Zhang Xiaoming, deputy director of the Hong Kong and Macau Affairs Office—Beijing’s top agency for handling those territories’ policies—said at a press conference that countries that wanted to sanction Chinese officials were thinking in “the logic of robbers.”
He added that the law was China’s “internal affairs” and said it was “none of the businesses” of these countries.
The U.S. Statement Department announced last week that it will impose visa restrictions on Chinese Communist Party (CCP) officials involved in eroding Hong Kong’s autonomy and freedoms. State Department Spokesperson Morgan Ortagus said on Twitter that the visa restrictions will also target CCP officials behind the national security law.
The national security law went into effect on June 30 after ceremonial votes by China’s rubber-stamp legislature, the National People’s Congress (NPC). The law criminalizes individuals for any acts of subversion, secession, terrorism, and collusion with foreign forces, with maximum penalties of life imprisonment.
Zhang said that Beijing had announced its own visas restrictions on U.S. individuals who have acted maliciously on issues related to Hong Kong.
In his remarks, Zhang cited recent announcements by U.S. Secretary of State Mike Pompeo and Secretary of Commerce Wilbur Ross on revoking Hong Kong’s special trading status and stopping its defense equipment exports to Hong Kong, as well as imposing similar export restrictions on Hong Kong as it does on China on U.S. defense and dual-use technologies.
On June 29, Pompeo announced on Twitter that the United States “will not be deterred from taking action to respond” to the CCP’s threats to restrict visas for U.S. citizens, characterising the CCP’s move as a “refusal to accept responsibility for breaking its commitment to the people of Hong Kong.”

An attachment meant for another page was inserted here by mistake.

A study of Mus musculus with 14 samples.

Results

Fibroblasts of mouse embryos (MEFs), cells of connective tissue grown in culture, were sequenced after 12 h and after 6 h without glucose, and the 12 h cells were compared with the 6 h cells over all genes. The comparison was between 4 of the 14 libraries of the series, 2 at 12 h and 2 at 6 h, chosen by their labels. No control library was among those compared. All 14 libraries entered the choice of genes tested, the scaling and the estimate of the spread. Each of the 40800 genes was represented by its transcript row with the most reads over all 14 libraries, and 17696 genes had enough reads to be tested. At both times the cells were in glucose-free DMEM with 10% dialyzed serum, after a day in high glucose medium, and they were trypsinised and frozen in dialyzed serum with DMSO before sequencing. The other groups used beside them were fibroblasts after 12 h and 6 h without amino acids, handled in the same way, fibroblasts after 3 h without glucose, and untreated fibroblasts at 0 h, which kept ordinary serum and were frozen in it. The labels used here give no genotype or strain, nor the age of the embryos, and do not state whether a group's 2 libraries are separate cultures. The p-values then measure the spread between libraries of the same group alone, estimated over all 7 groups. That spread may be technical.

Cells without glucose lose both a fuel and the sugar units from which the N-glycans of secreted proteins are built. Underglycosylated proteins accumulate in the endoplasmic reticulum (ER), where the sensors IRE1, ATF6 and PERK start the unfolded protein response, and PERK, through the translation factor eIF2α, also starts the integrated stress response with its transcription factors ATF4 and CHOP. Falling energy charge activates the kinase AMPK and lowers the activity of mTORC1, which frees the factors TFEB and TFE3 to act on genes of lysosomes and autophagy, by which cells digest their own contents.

Zhang said on July 1 that if the U.S. government “makes a move,” Beijing and the Hong Kong government will “surely retaliate.”
He also hit back at suggestions that China was replacing “one country, two systems”—a framework by which Beijing promised to preserve Hong Kong’s autonomy upon the city’s transfer of sovereignty from Britain to China in 1997—with “one country, one system.”
If that was Beijing’s intention, Zhang argued that Beijing could simply impose Chinese laws, including the criminal law, on Hong Kong. He elaborated the law was to guide “one country, two systems” more in the direction of “one country.”
Shen Chunyao, head of the Legislative Affairs Commission of the NPC Standing Committee, who was also at the press conference, claimed that that the new law had “widespread support among all of the Chinese citizens including people in Hong Kong,” and the law “reflected their wills.”
A poll by local newspaper Ming Pao conducted in early June showed that 64 percent were against Beijing’s decision to bypass Hong Kong’s legislature to propose a national security law in the Chinese-ruled city.
The pro-democracy camp in Hong Kong also held a press conference on Wednesday morning, where lawmaker Claudia Mo said that press freedom could be pronounced “dead” after new supervision measures against media organizations under the national security law.
A provision in the national security stipulates that the Hong Kong government will take “necessary measures to strengthen public communication, guidance, supervision and regulation over matters concerning security, including those relating to schools, social organisations, the media and the internet.”
Anita Yip, vice chairwoman of Hong Kong Bar Association, raised concerns on Wednesday about a lack of clear definition of the four offenses under the law—secession, subversion, terrorism, and collusion with foreign forces—local media RTHK reported.
“We all understand the reason why there is concern is really that we all know national security is defined in a very flexible, in a very wide fashion in China, and the understanding of national security in China and Hong Kong has always been different because of the two systems,” Yip said.
“So we have reasons to believe that it may be subject to an unacceptably wide power of interpretation,” she added.